The Plan of St. Gall
The Plan of St. Gall is the earliest preserved and most extraordinary visualization of a building complex produced in the Middle Ages. Drawn and annotated on five pieces of parchment sewn together, the St. Gall Plan is 112 cm x 77.5 cm and includes the ground plans of some forty structures as well as gardens, fences, walls, a road, and an orchard. Three hundred thirty three inscriptions identify the buildings and their uses, including a church. a scriptorium, lodgings for visiting monks, a monastic dormitory, refectory, kitchen, bake and brew house, guest house, abbot's residence, and an infirmary, and numerous fields and industrial out-buildings.
Why was it made?
One of the inscriptions on the Plan itself states that it was designed for Gozbert, the abbot of St. Gall (816-837 A.D.) and the person responsible for building the monastery's great Carolingian church in the 830s. The donor, probably Haito, the abbot of Reichenau (806-823), explains that the purpose of the Plan is for Gozbert to “exercise your ingenuity and recognize my devotion”, suggesting that the Plan was not a blueprint in the strict sense. Furthermore, the design does not fit the actual terrain of the river valley in which St. Gall is located, nor does the Carolingian church of St. Gall reflect the design of the church on the Plan. These facts have caused scholars to see the Plan as as a generic solution for the ideal monastery. When, why and how this ideal was developed has been the focus of Plan research during the last fifty years.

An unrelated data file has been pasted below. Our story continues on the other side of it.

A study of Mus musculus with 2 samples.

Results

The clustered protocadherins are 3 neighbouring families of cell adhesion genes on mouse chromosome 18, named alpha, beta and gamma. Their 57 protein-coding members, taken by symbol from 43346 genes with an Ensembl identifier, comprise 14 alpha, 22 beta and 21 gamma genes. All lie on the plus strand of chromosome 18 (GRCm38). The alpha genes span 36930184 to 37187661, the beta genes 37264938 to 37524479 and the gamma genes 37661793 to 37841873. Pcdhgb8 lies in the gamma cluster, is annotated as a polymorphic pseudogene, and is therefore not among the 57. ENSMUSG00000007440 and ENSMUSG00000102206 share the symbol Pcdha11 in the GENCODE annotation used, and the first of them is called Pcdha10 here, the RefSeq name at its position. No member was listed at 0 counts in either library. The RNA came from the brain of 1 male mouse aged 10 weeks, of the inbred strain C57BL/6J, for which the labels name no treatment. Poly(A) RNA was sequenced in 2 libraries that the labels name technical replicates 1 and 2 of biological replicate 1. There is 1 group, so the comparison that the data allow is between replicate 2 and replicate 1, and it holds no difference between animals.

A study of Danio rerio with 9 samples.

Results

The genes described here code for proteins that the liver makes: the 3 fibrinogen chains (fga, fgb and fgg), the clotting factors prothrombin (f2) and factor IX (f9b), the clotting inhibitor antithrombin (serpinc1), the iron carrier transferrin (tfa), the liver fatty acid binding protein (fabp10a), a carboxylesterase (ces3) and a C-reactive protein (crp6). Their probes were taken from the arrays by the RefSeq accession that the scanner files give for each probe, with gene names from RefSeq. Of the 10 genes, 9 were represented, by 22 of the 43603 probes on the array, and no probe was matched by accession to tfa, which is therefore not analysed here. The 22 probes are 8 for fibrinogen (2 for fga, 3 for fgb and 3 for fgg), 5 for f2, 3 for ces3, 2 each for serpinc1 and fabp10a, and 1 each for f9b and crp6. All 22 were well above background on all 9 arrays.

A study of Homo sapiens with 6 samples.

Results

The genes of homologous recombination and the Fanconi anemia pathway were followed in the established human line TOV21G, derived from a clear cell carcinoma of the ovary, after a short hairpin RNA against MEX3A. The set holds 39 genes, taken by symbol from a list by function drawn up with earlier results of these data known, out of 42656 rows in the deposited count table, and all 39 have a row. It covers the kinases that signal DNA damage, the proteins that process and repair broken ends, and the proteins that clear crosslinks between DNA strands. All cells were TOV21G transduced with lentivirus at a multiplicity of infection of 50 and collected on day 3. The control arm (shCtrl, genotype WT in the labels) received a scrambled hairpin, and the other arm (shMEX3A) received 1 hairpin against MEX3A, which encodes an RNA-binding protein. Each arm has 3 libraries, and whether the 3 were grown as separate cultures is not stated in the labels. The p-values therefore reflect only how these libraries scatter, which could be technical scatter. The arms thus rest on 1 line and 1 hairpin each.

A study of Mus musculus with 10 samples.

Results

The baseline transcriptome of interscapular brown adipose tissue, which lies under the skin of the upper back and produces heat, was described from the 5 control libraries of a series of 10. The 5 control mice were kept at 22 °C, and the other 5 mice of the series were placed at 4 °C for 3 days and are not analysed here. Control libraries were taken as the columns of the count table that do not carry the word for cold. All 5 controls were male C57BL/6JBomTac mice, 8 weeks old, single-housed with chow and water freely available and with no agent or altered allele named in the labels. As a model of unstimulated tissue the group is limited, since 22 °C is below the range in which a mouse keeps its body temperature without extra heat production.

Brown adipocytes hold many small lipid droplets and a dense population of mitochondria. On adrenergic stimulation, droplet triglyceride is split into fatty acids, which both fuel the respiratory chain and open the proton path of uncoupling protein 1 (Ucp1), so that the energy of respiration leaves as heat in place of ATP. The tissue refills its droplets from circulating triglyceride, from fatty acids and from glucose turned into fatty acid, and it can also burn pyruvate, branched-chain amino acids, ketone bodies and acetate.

While our inability to pinpoint the Plan's author and his motivation is frustrating, the conclusion that the Plan was not created for a specific time and place paradoxically makes it more valuable: the Plan might be fairly characterized as a two-dimensional meditation on the ideal early medieval monastic community, created at a time when monasticism was one of the dominant forms of political, economic, and cultural power in Europe.
What's on our site?
This site will provide access to the results of our long-term project of creating an extensive data base to aid research into the Plan and Carolingian monastic culture. Besides a variety of digital representations of the Plan itself, the site includes a graphic representation of how the Plan was physically made, detailed information on each of the elements of the Plan, and transcriptions and translations of its inscriptions. In addition, the site contains resources for understanding the material culture context of the Plan. A series of extensive data bases include one presenting physical objects found across Europe that add to our understanding of Carolingian monasticism, one devoted to the terminology of Carolingian material culture, descriptions of all known Carolingian religious edifices, and an extensive bibliography on both the Plan itself and Carolingian monastic culture generally. All these databases are searchable individually and collectively.